Tue03May201612:00 pm - 1:00 pmNQ 2245, North Quad, 105 S. State St. Ann Arbor MI 48109
[Talk] Yan Chen and Xuan Zhao
Yan Chen: Towards Providing On-Demand Expert Support for Software Developers
Yan is a 2nd year PhD student at the UMSI. He is currently working with Dr. Walter S. Lasecki and Dr. Steve Oney to build expert crowd-powered systems to support human complex tasks. He is current looking at how to develop systems to better support software development such that developers can request on-demand help given by domain experts. He also starts to look at online freelance marketplace, and attempts to better understand the existing challenges of recruitment and information delivery.
Software development is an expert task that requires complex reasoning and the ability to recall language or API-specific details. In practice, developers often seek support from IDE tools, Web resources, or other developers to help fill in gaps in their knowledge on-demand. In this paper, we present two studies that seek to inform the design of future systems that use remote experts to support developers on demand. The first explores what types of questions developers would ask a hypothetical assistant capable of answering any question they pose. The second study explores the interactions between developers and remote “experts” in supporting roles. Our results suggest eight key system features needed for on-demand remote developer assistants to be effective, which has implications for future human-powered development tools.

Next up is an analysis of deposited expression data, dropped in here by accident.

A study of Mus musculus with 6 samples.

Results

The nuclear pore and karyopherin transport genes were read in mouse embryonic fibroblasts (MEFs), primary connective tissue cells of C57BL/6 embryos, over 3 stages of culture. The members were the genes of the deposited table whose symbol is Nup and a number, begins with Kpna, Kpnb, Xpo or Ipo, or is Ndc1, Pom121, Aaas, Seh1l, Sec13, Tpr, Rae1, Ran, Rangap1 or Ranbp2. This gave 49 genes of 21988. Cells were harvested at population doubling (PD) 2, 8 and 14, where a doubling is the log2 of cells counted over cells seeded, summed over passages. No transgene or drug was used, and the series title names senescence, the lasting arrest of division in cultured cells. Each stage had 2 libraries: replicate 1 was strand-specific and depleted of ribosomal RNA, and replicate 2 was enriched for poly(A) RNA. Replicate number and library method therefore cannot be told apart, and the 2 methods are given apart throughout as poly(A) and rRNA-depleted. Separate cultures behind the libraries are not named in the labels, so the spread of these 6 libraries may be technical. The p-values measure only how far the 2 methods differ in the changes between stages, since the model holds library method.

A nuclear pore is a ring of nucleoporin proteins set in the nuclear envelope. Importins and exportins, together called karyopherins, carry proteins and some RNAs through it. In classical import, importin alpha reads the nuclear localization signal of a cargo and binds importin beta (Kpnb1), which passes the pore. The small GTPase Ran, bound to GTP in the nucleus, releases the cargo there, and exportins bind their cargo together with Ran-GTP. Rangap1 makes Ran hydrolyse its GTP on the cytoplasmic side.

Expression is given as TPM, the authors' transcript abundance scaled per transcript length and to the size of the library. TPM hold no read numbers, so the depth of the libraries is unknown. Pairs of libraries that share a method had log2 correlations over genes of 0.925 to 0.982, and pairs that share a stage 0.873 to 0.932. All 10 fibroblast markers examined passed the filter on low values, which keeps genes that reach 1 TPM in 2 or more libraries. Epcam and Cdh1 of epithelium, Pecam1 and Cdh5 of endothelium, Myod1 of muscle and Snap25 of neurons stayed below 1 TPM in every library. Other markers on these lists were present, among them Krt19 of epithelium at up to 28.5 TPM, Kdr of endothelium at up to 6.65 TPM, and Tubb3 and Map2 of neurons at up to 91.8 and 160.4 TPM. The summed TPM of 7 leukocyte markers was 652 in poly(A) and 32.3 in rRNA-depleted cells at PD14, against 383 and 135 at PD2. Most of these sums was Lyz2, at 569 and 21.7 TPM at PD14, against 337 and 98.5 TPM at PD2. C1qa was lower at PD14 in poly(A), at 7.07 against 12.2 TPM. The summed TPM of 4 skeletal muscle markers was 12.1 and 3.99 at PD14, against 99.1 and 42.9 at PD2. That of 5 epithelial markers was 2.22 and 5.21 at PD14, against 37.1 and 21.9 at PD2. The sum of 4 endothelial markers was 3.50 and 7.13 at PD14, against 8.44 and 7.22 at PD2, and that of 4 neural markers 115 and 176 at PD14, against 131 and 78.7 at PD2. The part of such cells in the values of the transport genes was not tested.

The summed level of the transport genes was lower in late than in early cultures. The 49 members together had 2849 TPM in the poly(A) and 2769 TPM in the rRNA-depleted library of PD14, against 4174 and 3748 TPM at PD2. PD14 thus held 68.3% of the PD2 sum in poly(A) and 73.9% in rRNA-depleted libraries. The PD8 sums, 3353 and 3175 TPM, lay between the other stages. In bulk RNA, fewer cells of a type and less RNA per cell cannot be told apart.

Xuan Zhao: The Social Media Ecology: User Perceptions, Strategies and Challenge
Xuan Zhao's research investigates how users and systems work together in curating and exhibiting personal digital data (especially in social media), and how to design for technology-mediated reflection for both self and close relationships, as a way to support long-term interaction between users and their data. Before joining UMSI, Xuan got her Master's degree in Communication from Cornell University and and worked closely with Reimagination Lab. She has also worked at Facebook UEX Research, the Intelligent Collaboration group at IBM Research (China), and the Human Experience and Design group at Microsoft Research Cambridge.
Many existing studies of social media focus on only one platform, but the reality of users’ lived experiences is that most users incorporate multiple platforms into their communication practices in order to access the people and networks they desire to influence. In order to better understand how people make sharing decisions across multiple sites, we asked our participants (N=29) to categorize all modes of communication they used, with the goal of surfacing their mental models about managing sharing across platforms. Our interview data suggest that people simultaneously consider “audience” and “content” when sharing and these needs sometimes compete with one another; that they have the strong desire to both maintain boundaries between platforms as well as allowing content and audience to permeate across these boundaries; and that they strive to stabilize their own communication ecosystem yet need to respond to changes necessitated by the emergence of new tools, practices, and contacts. We unpack the implications of these tensions and suggest future design possibilities.